The pound extended two sessions of losses against the euro to slide 0.2 per cent to £0.8779, its lowest level since the single currency was created in 1999.
Against a basket of currencies, the pound also hit a historic low, with the Bank of England’s effective sterling trade-weighted exchange rate index sinking to 79.7, its lowest level since records began in 1981.
Sterling’s steep decline – it has shed almost 20 per cent of its value against the euro since the start of this year – reinforced speculation that the Bank of England would be forced to implement further drastic rate cuts in the new year.
But a leading economic research institute warned that rate cuts would have a limited impact against the accelerating downturn in the UK.
The pound later came off its lows, however, boosted by reports that a bail-out for the big three” US carmakers was close to being approved. Against the euro, the pound clawed back gains, rising 0.2 per cent to £0.8752, while adding 0.2 per cent against the dollar at $1.4775.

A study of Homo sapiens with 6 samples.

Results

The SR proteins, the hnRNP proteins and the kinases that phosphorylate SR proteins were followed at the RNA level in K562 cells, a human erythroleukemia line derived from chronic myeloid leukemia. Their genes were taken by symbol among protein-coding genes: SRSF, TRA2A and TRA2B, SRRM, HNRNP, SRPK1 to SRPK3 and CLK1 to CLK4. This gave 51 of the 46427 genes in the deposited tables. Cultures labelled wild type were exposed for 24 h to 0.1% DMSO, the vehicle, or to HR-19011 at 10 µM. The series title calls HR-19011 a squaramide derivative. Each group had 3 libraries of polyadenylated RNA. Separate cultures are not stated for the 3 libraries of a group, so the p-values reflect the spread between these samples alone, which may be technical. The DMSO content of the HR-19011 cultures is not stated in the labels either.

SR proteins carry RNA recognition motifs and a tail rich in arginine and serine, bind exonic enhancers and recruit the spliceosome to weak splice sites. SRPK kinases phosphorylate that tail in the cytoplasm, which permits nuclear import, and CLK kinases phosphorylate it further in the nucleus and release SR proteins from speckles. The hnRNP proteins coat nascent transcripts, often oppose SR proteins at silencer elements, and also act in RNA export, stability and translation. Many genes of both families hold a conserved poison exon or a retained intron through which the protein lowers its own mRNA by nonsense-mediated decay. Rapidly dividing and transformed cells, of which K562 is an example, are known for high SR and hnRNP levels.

High-yielding, riskier currencies registered cautious gains against the Japanese yen, with the Australian dollar adding 0.5 per cent to Y76.85, while the euro climbed 0.7 per cent to Y120.02. The Canadian dollar pared the previous session’s losses to rise 1.3 per cent to Y73.86.
The yen also fell back against the US dollar, down 0.6 per cent at Y92.75, and slipped 0.8 per cent against the euro at Y120.10.
The New Zealand dollar outperformed, after hawkish remarks from Alan Bollard, central bank governor, appeared to preclude any dramatic interest rate cut despite the country being in recession.
The kiwi strengthened 1.3 per cent against the yen to Y50.48, and 0.7 per cent against the US dollar, at $0.5437.
Meanwhile, the South Korean won surged 2.5 per cent against the dollar to 1393.70 won, propelled by a four-day stock market rally in Seoul which saw the benchmark Kospi index hit a four-week high.